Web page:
Friday, January 22, 2010

Charges dropped against reporter A’sem Al-Sheedi on ROP corruption article

In my post-New Year party haze I missed this story, but expat blogger Lord of the Fiord just pointed out that on Jan. 2nd 2010 the Oman Authorities dropped charges against the Omani reporter A'Sem Al Sheedi for slandering the reputation of the ROP, after he refused to name his source for an article accusing ROP officers of corruption and falsifying traffic fines. The story of his arrest was fortunately picked up by international human rights NGO Frontline Defenders.

The original report was unusual as it was published in the Omani Government controlled newspaper, and (deliberately?) leaked documents showed the head of the ROP had instructed the office of public prosecutions to investigate the claim, punish any ROP found to have been acting improperly or, if found to be untrue, to arrest the reporter.

The investigation claimed to have found no evidence of such corrupt practice in the ROP, and thus - surprise surprise - arrested the reporter.

So its a good news/bad news story.

Good news that the original article was published in the first place, and that the ROP felt moved to respond in public. Good news for Al Sheedi that he's had the charges dropped (probably after promising not to do it again).

Bad news that the story was not confirmed as true, as combined with the subsequent charges against a reporter it will serve as yet another disincentive against such investigative stories.

But congratulations A'sem. Don't give up on the reporting. And thanks Lord of the Fiord for spotting it.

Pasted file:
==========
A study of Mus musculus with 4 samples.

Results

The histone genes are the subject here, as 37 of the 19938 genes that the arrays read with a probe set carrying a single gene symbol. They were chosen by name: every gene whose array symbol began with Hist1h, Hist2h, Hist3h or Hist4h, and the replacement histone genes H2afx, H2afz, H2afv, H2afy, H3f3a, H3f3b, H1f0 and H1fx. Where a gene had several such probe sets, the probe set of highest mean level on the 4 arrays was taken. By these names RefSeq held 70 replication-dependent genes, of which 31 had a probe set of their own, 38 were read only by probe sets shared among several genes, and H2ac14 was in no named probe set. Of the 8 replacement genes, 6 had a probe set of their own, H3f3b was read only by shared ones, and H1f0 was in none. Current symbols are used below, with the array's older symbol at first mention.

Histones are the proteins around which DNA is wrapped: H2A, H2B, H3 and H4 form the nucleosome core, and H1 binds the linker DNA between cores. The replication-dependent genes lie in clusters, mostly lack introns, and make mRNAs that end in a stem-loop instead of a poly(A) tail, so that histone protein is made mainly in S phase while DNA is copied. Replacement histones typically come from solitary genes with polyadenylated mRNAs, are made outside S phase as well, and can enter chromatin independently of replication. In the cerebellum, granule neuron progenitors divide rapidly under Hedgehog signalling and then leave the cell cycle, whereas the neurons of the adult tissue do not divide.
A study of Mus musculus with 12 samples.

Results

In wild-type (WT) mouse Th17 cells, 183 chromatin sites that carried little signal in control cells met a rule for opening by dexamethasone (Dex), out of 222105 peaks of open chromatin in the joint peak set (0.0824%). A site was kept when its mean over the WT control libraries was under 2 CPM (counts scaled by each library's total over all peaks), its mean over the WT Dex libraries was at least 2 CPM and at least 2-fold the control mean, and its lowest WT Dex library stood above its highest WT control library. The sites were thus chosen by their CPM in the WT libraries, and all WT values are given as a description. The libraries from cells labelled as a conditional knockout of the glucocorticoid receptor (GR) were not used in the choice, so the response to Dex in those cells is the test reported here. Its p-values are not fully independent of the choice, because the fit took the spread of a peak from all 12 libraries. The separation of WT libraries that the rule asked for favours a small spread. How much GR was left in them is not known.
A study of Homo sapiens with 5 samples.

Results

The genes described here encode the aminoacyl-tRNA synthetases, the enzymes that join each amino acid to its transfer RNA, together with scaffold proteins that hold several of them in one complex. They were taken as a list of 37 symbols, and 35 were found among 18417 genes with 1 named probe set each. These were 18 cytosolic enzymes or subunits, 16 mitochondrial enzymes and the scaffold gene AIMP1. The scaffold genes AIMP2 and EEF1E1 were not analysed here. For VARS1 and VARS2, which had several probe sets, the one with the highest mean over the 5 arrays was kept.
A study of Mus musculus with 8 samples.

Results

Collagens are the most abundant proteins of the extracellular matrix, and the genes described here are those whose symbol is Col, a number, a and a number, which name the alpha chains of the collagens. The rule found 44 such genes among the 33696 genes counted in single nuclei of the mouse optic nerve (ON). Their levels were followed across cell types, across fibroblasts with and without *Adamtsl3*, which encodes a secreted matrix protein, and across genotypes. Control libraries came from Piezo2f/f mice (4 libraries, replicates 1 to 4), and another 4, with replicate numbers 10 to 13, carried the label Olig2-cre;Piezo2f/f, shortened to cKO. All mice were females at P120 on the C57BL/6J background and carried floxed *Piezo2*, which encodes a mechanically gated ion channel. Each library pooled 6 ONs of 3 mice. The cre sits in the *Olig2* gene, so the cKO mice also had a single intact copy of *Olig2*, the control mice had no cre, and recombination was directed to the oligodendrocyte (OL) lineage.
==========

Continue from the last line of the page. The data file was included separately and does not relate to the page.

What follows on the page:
I can't help but hope the attention of such international NGOs is acting as a disincentive for the Government to pursue such petty prosecutions. Which bodes well for all of us...

Photo: Charges have been dropped against Omani reporter Asem Al Sheedi, [pic from Frontline Defenders].

Oman: UPDATE - Charges against writer Mr A’sem Al-Sheedi have been dropped.

Front Line welcomes the news that the Oman Police has halted its judicial prosecution of journalist Mr A’sem Al-Sheedi who had been accused of denouncing the police in an article published in an Oman newspaper on 7 December 2009. The article included information on police corruption.

On 2 January 2010, the Oman Police published a statement in local newspapers reporting that they had received a reply from the Attorney General Office (AGO) based on which they consider the case to be closed. The AGO's detailed reply, which was also published with the police statement, concluded that the investigation committee formed by the AGO had not found any evidence of fraud in the traffic police apparatus as claimed by the writer.

1 comment:

  1. This is really happy news, UD and yes let us all give a big hand for Mr. Sheedi's courage. It is a very encouraging development that Oman Government has probably recognised that whistle blowing is required to keep corruption down.